Portland Will Switch From Counting Vehicle Trips to Counting People Trips
All sorts of biases toward cars and driving are baked into traffic engineering conventions. By measuring things like car trips and motorist delay, these conventions favor parking lots and high-speed roads instead of safe streets for walking.
In a promising development, Portland is taking steps to correct some of these biases, Jonathan Maus at Bike Portland reports:
One of the ways the City of Portland pays for infrastructure is by charging developers a fee based on the impact their new building will have on the transportation system. These fees — known as Transportation System Development Charges, or just TSDCs for short — are based on a model that estimates how many trips a new development will generate.
There’s just one small problem: The methodology is centered almost exclusively around cars. The Portland Bureau of Transportation wants to change that.
The ordinance comes as PBOT is updating how they set the fees and what types of projects they should fund. At Council today PBOT’s Christine Leon said the new methodology would set the city on a course to use a person-first trip generation methodology as the basis of their [Transportation System Development Charges] program. She brought in noted Portland State University researcher Kelly Clifton. Clifton told Mayor Charlie Hales and city commissioners that the idea is to, “Put people at the center of our planning universe.” “People make trips,” she said, “Not just cars.”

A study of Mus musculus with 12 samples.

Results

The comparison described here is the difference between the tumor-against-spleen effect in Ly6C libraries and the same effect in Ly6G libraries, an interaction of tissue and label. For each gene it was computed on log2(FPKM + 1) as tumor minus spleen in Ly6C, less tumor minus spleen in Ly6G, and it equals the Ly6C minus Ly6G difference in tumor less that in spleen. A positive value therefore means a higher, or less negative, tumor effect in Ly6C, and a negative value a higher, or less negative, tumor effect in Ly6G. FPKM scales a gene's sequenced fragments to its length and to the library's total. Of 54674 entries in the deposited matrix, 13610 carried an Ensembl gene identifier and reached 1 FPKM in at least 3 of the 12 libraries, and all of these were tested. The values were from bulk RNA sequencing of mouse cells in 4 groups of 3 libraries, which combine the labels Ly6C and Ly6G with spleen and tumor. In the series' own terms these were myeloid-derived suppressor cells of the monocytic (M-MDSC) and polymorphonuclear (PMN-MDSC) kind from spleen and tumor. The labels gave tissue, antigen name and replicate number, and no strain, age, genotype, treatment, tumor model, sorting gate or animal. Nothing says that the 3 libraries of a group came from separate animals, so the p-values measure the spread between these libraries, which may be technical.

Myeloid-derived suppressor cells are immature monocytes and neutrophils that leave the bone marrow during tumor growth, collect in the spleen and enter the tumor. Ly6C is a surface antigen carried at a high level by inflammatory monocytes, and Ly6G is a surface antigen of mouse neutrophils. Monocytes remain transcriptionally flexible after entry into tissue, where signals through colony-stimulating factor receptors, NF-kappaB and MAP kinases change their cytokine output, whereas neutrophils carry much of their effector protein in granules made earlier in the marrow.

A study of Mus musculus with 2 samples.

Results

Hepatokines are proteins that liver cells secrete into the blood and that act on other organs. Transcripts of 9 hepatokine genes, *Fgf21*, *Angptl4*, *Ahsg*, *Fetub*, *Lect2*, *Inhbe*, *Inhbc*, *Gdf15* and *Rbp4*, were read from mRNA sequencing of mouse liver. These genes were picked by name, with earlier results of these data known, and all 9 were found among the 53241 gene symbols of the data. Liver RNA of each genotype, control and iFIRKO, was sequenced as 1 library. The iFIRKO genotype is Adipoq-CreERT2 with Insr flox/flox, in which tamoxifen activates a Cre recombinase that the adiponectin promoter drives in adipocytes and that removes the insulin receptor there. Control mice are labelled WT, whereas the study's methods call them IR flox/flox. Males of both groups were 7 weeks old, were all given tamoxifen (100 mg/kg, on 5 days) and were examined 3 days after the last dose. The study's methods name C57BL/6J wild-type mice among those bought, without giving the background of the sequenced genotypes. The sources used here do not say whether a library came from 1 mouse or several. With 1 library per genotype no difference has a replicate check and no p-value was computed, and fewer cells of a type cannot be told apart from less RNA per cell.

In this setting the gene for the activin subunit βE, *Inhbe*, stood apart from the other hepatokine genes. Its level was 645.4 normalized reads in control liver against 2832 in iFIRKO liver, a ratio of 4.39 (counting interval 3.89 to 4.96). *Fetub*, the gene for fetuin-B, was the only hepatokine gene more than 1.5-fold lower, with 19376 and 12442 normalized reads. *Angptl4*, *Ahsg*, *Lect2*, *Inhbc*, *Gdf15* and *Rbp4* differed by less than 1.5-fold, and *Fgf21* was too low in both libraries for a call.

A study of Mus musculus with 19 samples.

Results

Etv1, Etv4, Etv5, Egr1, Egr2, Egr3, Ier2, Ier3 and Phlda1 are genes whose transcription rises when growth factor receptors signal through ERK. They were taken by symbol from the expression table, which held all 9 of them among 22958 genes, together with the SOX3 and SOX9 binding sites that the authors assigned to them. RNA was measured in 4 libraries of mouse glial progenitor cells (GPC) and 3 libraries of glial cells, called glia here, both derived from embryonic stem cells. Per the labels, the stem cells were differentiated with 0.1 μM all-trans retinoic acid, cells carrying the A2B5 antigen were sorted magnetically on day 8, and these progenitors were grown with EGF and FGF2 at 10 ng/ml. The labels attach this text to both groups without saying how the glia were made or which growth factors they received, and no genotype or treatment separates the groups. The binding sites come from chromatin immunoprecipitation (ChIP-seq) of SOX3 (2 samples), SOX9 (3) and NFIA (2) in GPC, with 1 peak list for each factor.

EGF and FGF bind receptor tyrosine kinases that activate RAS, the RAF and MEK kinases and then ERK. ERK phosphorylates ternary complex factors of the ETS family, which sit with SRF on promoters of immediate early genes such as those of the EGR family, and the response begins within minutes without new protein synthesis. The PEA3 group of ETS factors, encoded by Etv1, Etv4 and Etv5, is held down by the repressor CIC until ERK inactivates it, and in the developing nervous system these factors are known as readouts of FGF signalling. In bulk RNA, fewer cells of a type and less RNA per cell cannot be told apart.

Clifton also pointed out that the existing methods based on cars and suburban land-uses, “Have contributed to the marginalization of other modes.” “If you’re just planning for cars,” she said, “Than we’ll only have a system for cars. We need to have our methods be commensurate with our goals.”
The new methodology is an exciting step that could have implications for Portland transportation planning well beyond fees we charge developers. The idea of person trips is closely related to the road capacity concept known as “level of service.” That methodology is very car-centric and has vast ramifications for infrastructure projects. If we begin to quantify road users as people doing a variety of things — not just driving a car — then we can start looking at a multi-modal level of service and begin planning for the city we want.
What we’re also reading: Walkable West Palm Beach explains why pedestrian bridges are a bad solution to a dangerous crossing. Cyclelicious explores the psychology of a violent encounter between a driver and a pedestrian in Greenwich, Connecticut, and how the legal protections afforded to drivers put others at a disadvantage. And BikeWalkKC reports that Kansas City residents want the city to use its $800 million bond issue to construct and repair sidewalks.